Recovering from an injury takes time and patience (lots and lots of patience), along with probably reworking your gym routine and diet plan. But the good news is you can come back strong with a little rest, recovery, and the right kind of foods that can help speed the process along and make sure you don't gain weight during downtime.
It's totally normal to have a little anxiety about gaining weight or losing strength and stamina when you're less active, but you're likely burning more calories than you think. And don't even think about drastically cutting down on calories. That could backfire in two ways: by sending your body into "starvation" mode, which will make hang on to every bite you eat, and also by impairing your healing process.
That being said, recovery is a good time to minimize empty calories from added sugar, processed foods, and alcohol. Prioritize nutrient-rich foods that give your body the fuel it needs to get back in action. So here are some foods you'll want to put on your plate to help you heal fast!
Protein provides the amino acids that your body uses to repair itself. The amount of protein you'll need varies depending on your age, sex, height, weight, activity level, and whether you have any underlying medical issues. Athletes tend to require more protein than non-active or moderately active people. A smart strategy during recovery would be to spread out your protein intake throughout the day with 20 to 30 grams in each meal and about 10 to 15 grams in each snack.
You can find protein in meat, poultry, fish, and eggs, but don't overlook vegetarian options like beans, peas, lentils, or other plant-based sources like tofu, tempeh, seitan, seeds, nuts, or nutritional yeast. You can also get protein from dairy products like cheese and yogurt, especially the strained Greek and Icelandic varieties, which have almost double the amount of protein compared to regular yogurt. Lastly, protein powders are also helpful if you need a boost. Whey and pea proteins have a nice texture and taste, but you'll also find powders made from egg whites, brown rice, hemp seeds, and more. Just steer clear of sugar-sweetened options.
Calcium is key for muscle and nerve function, cell signaling, and bone health, so it's especially important for healing bone injuries. Aim for 1000 to 1200 milligrams per day from foods such as yogurt and cheese—milk products are the best-known sources of calcium. Or if you're lactose-intolerant or on a dairy-free diet, try tofu, salmon, dark, leafy greens, almonds, and white beans. (There are lots of dairy-free sources of calcium and vitamin D.) Calcium-fortified products like nondairy milk and grain products are also available. You may want to take a calcium supplement to fill in the gaps, but consult your doctor first.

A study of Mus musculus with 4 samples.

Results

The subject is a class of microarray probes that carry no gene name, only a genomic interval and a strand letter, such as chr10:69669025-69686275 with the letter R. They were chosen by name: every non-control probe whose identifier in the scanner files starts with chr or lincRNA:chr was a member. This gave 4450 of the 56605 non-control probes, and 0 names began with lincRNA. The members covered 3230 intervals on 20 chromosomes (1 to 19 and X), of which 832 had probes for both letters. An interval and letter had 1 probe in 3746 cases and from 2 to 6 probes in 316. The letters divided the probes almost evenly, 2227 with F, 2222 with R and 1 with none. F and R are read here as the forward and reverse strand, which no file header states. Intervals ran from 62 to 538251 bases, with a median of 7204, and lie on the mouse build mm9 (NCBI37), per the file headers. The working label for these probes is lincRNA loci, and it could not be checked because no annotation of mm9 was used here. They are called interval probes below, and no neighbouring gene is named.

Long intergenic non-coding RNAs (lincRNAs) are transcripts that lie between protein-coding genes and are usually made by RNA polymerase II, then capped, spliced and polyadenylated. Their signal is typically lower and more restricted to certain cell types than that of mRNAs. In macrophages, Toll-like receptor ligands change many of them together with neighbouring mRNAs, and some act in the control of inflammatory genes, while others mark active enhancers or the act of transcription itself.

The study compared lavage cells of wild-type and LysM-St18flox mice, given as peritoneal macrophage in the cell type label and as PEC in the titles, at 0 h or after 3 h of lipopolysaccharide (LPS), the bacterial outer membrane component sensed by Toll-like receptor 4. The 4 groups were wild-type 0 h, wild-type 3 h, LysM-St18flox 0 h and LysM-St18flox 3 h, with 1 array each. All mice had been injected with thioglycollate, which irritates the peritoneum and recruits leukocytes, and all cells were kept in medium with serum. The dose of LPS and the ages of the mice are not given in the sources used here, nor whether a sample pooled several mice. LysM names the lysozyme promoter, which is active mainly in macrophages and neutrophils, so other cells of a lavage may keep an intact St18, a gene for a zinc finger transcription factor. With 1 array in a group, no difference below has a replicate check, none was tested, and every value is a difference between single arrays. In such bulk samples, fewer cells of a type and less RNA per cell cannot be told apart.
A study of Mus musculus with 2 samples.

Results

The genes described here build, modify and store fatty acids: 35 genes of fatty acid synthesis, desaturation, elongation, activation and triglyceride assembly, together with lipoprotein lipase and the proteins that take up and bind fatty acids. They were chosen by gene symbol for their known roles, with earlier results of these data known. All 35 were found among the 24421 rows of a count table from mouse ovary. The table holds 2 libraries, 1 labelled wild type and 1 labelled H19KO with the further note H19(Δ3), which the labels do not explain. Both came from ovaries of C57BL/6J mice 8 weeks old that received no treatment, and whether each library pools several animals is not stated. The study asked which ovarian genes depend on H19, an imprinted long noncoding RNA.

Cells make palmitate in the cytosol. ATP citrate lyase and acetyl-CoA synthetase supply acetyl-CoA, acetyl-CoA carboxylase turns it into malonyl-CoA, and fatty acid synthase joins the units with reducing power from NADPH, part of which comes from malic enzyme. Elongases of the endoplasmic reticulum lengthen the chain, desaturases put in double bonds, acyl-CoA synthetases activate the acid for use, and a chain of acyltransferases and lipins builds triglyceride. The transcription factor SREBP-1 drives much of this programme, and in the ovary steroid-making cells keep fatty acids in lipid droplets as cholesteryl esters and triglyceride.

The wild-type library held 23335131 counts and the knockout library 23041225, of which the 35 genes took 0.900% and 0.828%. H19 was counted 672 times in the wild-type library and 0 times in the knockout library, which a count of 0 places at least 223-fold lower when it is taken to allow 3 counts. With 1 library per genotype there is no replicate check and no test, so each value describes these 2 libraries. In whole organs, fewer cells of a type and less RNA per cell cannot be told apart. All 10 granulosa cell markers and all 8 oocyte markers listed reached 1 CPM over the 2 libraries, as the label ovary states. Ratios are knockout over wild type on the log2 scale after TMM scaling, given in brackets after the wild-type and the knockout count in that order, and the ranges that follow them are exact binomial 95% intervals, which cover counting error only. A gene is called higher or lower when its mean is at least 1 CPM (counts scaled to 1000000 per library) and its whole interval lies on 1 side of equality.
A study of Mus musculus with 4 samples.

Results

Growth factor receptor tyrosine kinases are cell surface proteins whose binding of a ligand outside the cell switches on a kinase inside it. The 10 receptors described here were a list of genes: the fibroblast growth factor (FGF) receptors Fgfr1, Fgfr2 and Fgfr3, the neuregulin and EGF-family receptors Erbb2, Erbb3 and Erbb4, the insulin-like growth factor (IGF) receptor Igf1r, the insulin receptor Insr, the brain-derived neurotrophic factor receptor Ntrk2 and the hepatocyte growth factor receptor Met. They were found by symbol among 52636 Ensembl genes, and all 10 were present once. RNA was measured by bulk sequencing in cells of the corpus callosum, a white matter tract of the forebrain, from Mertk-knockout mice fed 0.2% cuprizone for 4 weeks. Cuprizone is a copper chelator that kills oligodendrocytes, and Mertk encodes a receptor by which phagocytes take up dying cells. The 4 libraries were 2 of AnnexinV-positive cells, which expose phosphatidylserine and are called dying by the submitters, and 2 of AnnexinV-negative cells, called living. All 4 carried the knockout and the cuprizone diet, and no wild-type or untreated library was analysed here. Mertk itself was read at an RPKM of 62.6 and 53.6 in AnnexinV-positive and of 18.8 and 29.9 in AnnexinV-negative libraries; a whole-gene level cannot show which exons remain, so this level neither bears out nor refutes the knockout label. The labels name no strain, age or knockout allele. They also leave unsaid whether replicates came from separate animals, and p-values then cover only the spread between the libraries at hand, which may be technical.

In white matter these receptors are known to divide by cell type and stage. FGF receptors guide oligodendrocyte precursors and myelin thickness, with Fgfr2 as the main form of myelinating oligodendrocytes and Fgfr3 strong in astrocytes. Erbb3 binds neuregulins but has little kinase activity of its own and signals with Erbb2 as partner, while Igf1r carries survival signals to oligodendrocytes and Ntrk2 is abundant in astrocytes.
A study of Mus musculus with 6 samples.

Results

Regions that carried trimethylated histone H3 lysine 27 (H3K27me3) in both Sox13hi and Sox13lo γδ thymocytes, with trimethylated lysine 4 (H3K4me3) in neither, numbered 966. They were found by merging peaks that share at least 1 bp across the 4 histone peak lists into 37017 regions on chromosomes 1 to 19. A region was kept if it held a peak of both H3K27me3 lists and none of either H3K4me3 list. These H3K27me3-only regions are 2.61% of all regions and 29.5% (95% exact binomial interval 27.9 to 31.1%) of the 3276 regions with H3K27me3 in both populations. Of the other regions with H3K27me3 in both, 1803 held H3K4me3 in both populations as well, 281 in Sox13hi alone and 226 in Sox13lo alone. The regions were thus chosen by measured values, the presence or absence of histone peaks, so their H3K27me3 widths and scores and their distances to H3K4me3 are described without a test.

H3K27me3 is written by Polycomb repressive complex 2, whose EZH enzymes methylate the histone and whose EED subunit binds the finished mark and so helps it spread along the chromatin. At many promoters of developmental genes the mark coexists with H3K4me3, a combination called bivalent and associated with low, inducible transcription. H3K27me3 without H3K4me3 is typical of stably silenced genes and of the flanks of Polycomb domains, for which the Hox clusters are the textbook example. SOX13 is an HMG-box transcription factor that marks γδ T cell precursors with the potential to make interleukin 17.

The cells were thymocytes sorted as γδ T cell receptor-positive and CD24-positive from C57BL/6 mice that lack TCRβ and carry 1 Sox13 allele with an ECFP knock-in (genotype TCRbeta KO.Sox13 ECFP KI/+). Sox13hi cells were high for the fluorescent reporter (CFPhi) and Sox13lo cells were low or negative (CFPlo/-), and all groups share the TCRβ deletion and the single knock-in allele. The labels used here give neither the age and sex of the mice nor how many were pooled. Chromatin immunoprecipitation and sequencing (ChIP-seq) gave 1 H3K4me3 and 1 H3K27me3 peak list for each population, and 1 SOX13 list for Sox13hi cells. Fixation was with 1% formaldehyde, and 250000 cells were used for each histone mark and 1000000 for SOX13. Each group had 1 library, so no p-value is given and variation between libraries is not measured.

Vitamin D and calcium go hand in hand because the "sunshine" vitamin actually aids in the absorption of calcium. The U.S. dietary guidelines recommend 600 IU per day of vitamin D, but you may want to up it to 1000 or even 2000 IU while you're healing. You can find vitamin D in fatty fish like salmon and sardines as well as in eggs, mushrooms, and fortified products like nondairy milk and grain products. (Get even more vitamin D with these healthy foods to add to your diet.) Though it's true that sun exposure can help your body synthesize vitamin D, excessive sun exposure is not worth the skin-cancer risk. Consider a supplement to help you cover your bases, and as always consult your doctor.
Being less mobile can slow down digestion, leading to constipation and bloating. But adequate fiber will alleviate this. Great sources of fiber include vegetables, fruit, whole grains, beans, peas, lentils, nuts, and seeds. (Plus, have you heard about pulses? Try these fiber-rich pulses.) Another bonus: Prioritizing high-fiber foods can help you feel satisfied and keep overall calorie intake in check. For example, popcorn has 4 grams of fiber per 100-calorie serving, so popcorn will fill you up more than any hundred-calorie pack of cookies, which would only have about 1 gram per serving.
While you're recovering, aim for 25 to 35 grams of fiber per day, and drink plenty of water to keep everything moving through your system. Spreading your fiber intake throughout the day makes that number less intimidating, but you'd be surprised what a little sprinkle of chia seeds or ground flaxseed can do for your fiber count—start added them to everything (try these healthy desserts made with chia seeds). Probiotic supplements can also help, as pain meds or antibiotics could mess with your regularity while you're less active.
Turmeric is an anti-inflammatory herb (perfect for when you need swelling to go down) that's been used for thousands of years to treat a variety of ailments, from arthritis to cancer to stomach problems and more. Its bright orange color lends a pop to grain dishes, omelets, soups, and smoothies. (Here's everything you need to know about curcumin and turmeric.) You can also boil a teaspoon of turmeric in water to make into a tea with ginger (another powerful anti-inflammatory herb) and black pepper.
Studies have also shown that compounds in tart cherry juice, which has anti-inflammatory properties, could be helpful during recovery. (Jump on that bandwagon with these healthy cherry recipes for summer.) Beet juice has also been studied for its potential role in aiding recovery by enhancing oxygen delivery to muscles. While it likely won't cause any harm to put these foods on the menu, check in with your doctor about using concentrated supplements.